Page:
Getting Social Media Right: How to Hashtag Your BrandAdd bookmark
Five top tips to help you market your brand on social media and avoid making any hashtag fails.
Our spotlight is on social media this month, which is a great way to communicate with your customers in real time and gain invaluable insights into what they’re feeling and thinking about your company or brand at any given moment. You can adapt this knowledge to improve your customer processes and create a great customer experience.
Besides instantaneous communication, it is also a useful tool to market your company and brand; both to existing customers that already follow you online and are a ‘fan’, as well as new ones that find you through social word of mouth and your digital marketing campaigns.
One way to utilise social media for your marketing efforts is by using hashtags and earlier this week we shared with you a snappy infographic outlining some of the biggest do’s and don’ts when using hashtags. But how do you actually ‘create’ one? And what are some of the biggest pitfalls to avoid? Read our top tips to find out.
1. Know the technicalities
Creating a hashtag is a free for all and so you can be as creative as you want when thinking up one. However, while you can use any combination of letters and numbers to create the text that will make up your hashtag, you cannot include punctuation (except for the underscore) or spaces, as they will break the automatic link the hashtag turns into when clicked on.
And as hashtags are mainly used for promotional purposes or to find a series of Tweets/posts easily through the social platform’s search ability, make sure that the message you’re sharing is posted through a public account, not a private one, as you won’t show up in searches if your account is locked and that defeats the whole purpose of adding a hashtag in the first place.
2. Keep it short and clear
Though hashtags aren’t limited to Twitter, they are an important part of the social sharing site and with each Tweet being limited to just 140 characters in length it’s understandable that it is better to keep your hashtag concoction as short as possible to allow people to write a message to accompany the hashtag.
However, don’t forgo clarity for the sake of length! Make sure that the hashtag is understandable and can not be misinterpreted as something else. If your hashtag is comprised of more than one word, try adding a capital to the start of each one for added clarity. Social channels don’t differentiate between lower and upper case when it comes to hashtags, so it doesn’t make a difference to showing up in searches.
And check, double check and triple check how the hashtag can be read. When UK singer Susan Boyle launched a new album, the PR company created a matching hashtag that read #SusanAlbumParty. Using the capitals at the start of each word it is clear what they wanted to say, however, not everyone uses uppercase and having all letters in lowercase it got confusing to see where one word started and a new one began, creating a wholly unsuitable hashtag.
3. Make your hashtag unique
While you can use hashtags such as #offer or #discount within your message, you’re likely to get lost in the thousands of messages that get posted each day and include the exact same one. Having your own unique hashtag and ensuring that your friends/followers start using them as well, will set you apart from your competitors and will make it easier for you, or your customers, to find all the messages related to your company or the one thing you’d like to promote.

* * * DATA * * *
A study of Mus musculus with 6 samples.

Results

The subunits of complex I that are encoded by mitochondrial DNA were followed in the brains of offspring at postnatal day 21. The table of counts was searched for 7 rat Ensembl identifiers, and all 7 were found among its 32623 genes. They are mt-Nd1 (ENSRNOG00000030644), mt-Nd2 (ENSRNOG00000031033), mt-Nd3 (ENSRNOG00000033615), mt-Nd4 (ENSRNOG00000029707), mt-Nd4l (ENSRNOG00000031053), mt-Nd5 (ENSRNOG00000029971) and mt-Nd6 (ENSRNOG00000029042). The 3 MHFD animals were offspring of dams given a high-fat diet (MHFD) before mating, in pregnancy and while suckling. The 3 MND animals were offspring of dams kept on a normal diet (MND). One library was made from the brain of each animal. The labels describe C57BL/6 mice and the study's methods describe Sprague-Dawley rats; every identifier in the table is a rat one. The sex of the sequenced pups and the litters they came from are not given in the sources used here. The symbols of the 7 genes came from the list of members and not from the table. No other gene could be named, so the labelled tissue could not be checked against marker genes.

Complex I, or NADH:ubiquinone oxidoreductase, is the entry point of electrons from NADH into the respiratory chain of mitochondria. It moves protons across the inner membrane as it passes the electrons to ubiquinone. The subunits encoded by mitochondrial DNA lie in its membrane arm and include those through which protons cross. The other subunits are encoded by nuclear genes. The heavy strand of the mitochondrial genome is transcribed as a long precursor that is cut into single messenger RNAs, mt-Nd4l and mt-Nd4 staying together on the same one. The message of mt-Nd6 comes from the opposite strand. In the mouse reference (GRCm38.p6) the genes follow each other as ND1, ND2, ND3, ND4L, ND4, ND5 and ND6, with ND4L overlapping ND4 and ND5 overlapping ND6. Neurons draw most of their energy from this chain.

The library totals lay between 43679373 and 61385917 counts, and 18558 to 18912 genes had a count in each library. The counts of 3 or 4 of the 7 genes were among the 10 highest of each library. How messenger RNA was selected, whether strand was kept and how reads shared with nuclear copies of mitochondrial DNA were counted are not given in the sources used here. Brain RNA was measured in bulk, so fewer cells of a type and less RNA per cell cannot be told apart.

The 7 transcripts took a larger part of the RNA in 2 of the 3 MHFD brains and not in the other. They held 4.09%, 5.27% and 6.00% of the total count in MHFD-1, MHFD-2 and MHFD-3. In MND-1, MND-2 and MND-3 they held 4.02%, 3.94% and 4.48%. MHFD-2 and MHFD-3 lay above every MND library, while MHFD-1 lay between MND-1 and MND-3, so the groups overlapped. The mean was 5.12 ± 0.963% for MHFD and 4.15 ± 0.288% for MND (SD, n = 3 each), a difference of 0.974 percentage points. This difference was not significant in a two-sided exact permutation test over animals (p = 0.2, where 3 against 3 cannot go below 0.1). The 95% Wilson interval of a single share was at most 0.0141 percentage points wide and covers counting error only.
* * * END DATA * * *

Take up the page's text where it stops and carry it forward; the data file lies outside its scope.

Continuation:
So if you are creating your own hashtag, which is specific to either your brand or a special promotion you’re currently running, you have to make sure that it hasn’t been used before. Go into the search function of the social platform(s) you’re using and enter the hashtag to see if anything else pops up. If it does, don’t use it. Past, or even future uses can be embarrassing if you’re trying to look professional but the hashtag is filled with unrelated or even inappropriate comments.
If you think your hashtag is too generic, add in an abbreviation for your company. For example, if your company name is XYZ, you can call it #XYZoffer.
4. Use existing hashtags
There’s a reason that Twitter’s list of trending topics (subjects most discussed on the social network at that very moment) mostly consist of hashtags. Once users see the hashtag pop up in the sidebar they’re more inclined to use it as well and add their own comments to the topics at the heart of the discussion. As a company you can jump on the bandwagon by using the hashtag in your own messages and show up in the search results.
However, make sure that you know what the hashtag stands for and your message isn’t inappropriate as that can backfire and result in a loss of customers. For example, when #Aurora was trending because of the shooting in Colorado a clothing store Tweeted: "#Aurora is trending, clearly about our Kim K inspired #Aurora dress". Needless to say, the insensitive message was not responded to well.
5. Don't go overboard
Whether you use existing hashtags or you create your own, make sure that you don’t comprise a message that looks to be solely made up of hashtags. Not only does your true message get lost in the sea of hashtags, but those who read your message can wrongly assume it is spam. They will not only ignore the message you so carefully put together, but it my even results in them unfollowing/unfriending you, which is the exact opposite of what you’re trying to achieve.
The Digital Marketing Exchange is taking place in London in September. Attendees at this invitation-only event will have the chance to meet, discuss, network and benchmark against some of the world's most renowned digital marketing leaders, whilst engaging with the market’s most innovative solution providers in private, pre-scheduled one-to-one business meetings, to decide the future of their digital strategy.